For Immediate Release: November 14, 2018
Press Contact: Carli Kientzle at email@example.com
FierceWireless: Mike Rogers’ Outlines Threats Posed By Huawei & ZTE in U.S. Telecom Networks
Washington, D.C. – Today, FierceWireless reports on former U.S. Representative and Chair of the House Intelligence Committee, Mike Rogers’, detailed explanation of the national security threats posed by the use of Huawei and ZTE equipment in telecommunication networks. He explains the extremely close ties both companies have to the Chinese government, who are under suspicion of using Huawei tools for spying on foreign networks. Rogers points out that Canada, Great Britain, and Australia have all banned or warned against use of Huawei and ZTE equipment in 5G build outs and calls it “absolutely naive” to not pay close attention to these issues.
The article can be read in full here and is excerpted below:
[M]uch of the current opposition to Huawei and ZTE can be traced back to a 2012 report on the topic by the Permanent Select Committee on Intelligence for the U.S. House of Representatives, authored by Mike Rogers and Dutch Ruppersberger. That report helped set the groundwork for much of today’s challenges against Huawei and ZTE.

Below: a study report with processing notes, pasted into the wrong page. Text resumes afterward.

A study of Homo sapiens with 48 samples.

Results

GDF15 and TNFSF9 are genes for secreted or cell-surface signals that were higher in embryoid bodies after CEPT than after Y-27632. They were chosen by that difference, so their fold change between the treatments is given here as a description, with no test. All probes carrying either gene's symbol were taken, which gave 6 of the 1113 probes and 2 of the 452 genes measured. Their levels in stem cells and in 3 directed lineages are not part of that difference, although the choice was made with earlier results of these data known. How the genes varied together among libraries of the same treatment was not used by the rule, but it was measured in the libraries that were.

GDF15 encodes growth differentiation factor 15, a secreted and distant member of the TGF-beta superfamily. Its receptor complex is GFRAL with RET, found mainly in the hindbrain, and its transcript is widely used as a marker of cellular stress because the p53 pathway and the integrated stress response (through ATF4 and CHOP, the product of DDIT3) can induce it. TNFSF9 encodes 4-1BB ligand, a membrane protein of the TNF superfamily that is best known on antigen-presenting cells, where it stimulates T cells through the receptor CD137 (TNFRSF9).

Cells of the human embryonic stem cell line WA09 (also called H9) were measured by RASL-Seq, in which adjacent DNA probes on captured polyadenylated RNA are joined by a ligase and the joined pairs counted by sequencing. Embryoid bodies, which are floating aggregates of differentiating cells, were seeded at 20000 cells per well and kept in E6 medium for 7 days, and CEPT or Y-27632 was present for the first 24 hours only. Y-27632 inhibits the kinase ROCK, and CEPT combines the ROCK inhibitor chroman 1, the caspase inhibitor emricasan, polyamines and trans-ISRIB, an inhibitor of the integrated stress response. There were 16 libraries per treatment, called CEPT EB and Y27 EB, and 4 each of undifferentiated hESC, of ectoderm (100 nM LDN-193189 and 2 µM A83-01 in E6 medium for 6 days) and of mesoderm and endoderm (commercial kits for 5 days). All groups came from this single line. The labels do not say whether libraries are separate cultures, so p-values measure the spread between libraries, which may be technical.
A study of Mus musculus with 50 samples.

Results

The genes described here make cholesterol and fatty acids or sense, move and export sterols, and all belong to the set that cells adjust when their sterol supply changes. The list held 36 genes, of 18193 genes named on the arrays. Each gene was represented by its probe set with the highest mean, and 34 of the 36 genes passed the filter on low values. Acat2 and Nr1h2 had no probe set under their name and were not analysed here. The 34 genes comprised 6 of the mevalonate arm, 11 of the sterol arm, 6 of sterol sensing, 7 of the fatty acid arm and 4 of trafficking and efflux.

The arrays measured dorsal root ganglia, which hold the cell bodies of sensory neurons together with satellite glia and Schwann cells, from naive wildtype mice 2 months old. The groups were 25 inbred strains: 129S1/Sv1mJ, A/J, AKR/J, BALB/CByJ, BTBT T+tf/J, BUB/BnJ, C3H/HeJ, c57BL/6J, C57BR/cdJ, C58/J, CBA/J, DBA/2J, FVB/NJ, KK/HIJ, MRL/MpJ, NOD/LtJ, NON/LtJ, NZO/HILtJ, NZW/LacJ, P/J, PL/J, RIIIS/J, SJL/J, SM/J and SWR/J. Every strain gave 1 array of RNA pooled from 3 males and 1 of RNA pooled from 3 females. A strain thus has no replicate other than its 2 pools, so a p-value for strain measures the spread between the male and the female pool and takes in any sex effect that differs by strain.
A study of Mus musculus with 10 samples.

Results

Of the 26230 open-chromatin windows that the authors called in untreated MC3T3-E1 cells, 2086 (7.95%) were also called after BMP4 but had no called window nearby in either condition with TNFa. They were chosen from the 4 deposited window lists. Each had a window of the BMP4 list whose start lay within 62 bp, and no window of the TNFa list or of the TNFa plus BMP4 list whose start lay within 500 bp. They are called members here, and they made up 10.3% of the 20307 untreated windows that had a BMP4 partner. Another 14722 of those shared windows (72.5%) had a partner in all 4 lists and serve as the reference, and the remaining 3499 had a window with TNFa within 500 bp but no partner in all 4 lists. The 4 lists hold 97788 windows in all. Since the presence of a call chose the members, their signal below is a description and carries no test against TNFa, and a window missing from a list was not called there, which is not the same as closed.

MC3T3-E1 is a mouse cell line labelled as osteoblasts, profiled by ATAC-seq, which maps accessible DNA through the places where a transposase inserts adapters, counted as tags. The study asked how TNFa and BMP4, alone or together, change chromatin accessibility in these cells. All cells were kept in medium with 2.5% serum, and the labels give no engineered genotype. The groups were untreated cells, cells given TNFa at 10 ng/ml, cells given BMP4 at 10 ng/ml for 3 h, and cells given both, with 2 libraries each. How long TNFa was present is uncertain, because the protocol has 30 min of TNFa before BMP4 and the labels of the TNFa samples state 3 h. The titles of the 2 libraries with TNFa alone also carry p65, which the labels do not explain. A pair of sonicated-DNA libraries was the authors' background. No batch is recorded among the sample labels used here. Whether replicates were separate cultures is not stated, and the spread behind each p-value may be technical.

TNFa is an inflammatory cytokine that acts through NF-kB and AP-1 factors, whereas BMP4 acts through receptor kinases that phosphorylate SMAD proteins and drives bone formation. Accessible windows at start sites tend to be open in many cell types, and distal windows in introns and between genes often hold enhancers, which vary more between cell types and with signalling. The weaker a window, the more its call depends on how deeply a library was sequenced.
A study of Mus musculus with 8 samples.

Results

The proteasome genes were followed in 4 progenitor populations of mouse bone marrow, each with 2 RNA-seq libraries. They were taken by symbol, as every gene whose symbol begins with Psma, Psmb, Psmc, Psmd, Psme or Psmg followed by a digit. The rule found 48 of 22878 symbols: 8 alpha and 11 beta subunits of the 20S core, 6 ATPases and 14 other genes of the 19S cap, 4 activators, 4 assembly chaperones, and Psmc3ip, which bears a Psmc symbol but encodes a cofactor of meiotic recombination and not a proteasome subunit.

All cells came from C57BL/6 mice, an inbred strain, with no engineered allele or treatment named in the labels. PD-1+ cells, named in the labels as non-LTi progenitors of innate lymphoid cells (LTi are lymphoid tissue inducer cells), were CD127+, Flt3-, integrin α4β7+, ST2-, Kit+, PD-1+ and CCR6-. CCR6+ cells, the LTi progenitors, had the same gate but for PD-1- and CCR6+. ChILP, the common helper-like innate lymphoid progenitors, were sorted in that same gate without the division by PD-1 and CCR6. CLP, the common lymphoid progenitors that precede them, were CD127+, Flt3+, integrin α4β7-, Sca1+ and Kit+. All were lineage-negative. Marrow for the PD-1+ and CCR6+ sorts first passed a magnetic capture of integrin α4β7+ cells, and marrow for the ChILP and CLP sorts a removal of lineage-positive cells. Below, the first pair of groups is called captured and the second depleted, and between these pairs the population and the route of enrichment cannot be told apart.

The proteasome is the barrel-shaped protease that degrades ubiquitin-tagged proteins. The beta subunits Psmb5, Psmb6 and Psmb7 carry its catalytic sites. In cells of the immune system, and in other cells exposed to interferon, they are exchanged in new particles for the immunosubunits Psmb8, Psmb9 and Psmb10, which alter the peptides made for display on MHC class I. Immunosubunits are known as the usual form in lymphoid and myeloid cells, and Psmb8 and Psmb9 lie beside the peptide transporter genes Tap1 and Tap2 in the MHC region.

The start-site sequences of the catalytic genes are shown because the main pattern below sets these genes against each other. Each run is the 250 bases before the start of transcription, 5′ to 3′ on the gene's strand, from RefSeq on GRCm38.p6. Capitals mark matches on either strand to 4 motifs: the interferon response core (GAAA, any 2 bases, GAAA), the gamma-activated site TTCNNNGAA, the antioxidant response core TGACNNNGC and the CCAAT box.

What’s more, the authors of that report haven’t backed off their initial findings.
“Our concerns remain as strong as they were six years ago when we published our report,” the two wrote in in the Wall Street Journal in May, adding that “the U.S. should be doing more to guarantee that China isn’t listening in to American phone conversations.”
Rogers, for his part, most recently raised the issue again during a media event held by a new nonprofit organization called “Protect America’s Wireless.” The organization is working to block the proposed merger between Sprint and T-Mobile on national security concerns, although Rogers spend much of his time at the event laying out his case against Huawei and ZTE in general. Rogers—a former U.S. representative who previously chaired the House Intelligence Committee and who is currently a CNN national security commentator—only acknowledged the proposed Sprint and T-Mobile merger in relation to Sprint’s parent company SoftBank, which has purchased equipment from Huawei.